Phytoplankton should not be able to grow under the ice because ice reflects most sunlight back into space, blocking it from reaching the water below.
But over the past decades, Arctic ice has gotten darker and thinner due to warming temperatures, allowing more and more sunlight to penetrate to the water beneath, the study said.
Large, dark pools of water on the surface of the ice, known as melt ponds, have increased, lowering the reflectivity of the ice.
The research, detailed in the journal Science Advances, showed that thinning Arctic sea ice may be responsible for these blooms .
"Our big question was, how much sunlight gets transmitted through the sea ice, both as a function of thickness, which has been decreasing, and the melt pond percentage, which has been increasing," said first author Chris Horvat from the Harvard John A. Paulson School of Engineering and Applied Sciences (SEAS).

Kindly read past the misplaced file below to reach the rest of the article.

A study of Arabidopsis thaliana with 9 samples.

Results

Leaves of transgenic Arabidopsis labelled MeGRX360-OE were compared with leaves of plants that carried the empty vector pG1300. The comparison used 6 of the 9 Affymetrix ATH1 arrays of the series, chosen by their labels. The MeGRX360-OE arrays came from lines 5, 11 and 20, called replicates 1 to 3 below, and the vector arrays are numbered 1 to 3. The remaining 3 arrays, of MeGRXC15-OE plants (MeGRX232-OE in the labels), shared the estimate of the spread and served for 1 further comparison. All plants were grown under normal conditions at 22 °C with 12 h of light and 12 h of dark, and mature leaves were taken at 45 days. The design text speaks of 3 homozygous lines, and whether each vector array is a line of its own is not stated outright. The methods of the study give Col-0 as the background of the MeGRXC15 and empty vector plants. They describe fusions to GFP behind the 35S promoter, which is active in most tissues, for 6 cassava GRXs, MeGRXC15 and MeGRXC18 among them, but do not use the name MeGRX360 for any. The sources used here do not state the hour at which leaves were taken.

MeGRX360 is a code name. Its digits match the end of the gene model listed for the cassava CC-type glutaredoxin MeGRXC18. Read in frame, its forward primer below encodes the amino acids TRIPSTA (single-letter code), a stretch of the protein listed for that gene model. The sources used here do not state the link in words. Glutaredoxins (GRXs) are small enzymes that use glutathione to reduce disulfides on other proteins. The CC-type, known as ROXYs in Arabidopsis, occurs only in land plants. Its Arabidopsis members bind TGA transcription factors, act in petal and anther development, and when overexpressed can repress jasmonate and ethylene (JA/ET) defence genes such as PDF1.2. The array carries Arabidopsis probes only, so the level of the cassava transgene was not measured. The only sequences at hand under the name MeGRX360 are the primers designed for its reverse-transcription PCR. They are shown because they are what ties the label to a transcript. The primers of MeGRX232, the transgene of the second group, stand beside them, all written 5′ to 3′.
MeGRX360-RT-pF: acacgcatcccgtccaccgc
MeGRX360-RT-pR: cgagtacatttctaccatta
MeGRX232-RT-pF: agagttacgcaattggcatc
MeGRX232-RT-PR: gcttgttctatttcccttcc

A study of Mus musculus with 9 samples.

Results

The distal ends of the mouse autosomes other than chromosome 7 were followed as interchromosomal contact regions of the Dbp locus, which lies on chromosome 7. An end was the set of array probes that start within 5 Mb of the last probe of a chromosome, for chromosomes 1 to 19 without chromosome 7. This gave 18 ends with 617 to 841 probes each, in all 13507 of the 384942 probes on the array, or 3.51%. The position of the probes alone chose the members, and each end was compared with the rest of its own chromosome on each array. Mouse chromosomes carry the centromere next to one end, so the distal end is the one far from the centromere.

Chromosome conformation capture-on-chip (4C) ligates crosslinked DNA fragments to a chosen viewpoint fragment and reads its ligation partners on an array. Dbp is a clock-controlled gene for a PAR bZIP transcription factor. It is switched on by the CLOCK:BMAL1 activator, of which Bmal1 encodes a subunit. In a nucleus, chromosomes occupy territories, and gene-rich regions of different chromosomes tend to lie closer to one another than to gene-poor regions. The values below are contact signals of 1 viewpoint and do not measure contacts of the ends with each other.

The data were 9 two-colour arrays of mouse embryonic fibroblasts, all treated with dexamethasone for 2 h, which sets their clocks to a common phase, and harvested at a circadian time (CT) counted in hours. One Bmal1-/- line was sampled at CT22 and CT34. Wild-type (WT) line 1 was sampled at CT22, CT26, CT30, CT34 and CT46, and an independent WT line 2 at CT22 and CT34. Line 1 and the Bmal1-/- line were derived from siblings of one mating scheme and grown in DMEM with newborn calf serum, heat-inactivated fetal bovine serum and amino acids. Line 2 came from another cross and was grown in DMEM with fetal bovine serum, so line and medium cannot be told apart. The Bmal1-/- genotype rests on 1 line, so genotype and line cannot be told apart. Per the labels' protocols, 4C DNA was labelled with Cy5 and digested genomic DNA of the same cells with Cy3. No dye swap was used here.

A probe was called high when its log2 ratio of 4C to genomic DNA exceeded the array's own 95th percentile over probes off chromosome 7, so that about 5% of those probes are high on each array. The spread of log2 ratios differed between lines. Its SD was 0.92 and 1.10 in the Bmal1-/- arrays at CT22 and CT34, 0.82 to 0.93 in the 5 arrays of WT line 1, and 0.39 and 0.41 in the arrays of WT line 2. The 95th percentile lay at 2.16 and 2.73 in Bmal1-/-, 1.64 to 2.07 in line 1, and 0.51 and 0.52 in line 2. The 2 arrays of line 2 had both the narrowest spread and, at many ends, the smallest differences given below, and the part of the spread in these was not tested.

"What we found was that we went from a state where there wasn't any potential for plankton blooms to massive regions of the Arctic being susceptible to these types of growth," Horvat said.
Twenty years ago, only about three to four per cent of Arctic sea ice was thin enough to allow large colonies of plankton to bloom underneath.
Today, the researchers found that nearly 30 per cent of the ice-covered Arctic Ocean permits sub-ice blooms in summer months.
The team's mathematical modelling found that while the melt ponds contribute to conditions friendly to blooms, the biggest culprit is ice thickness.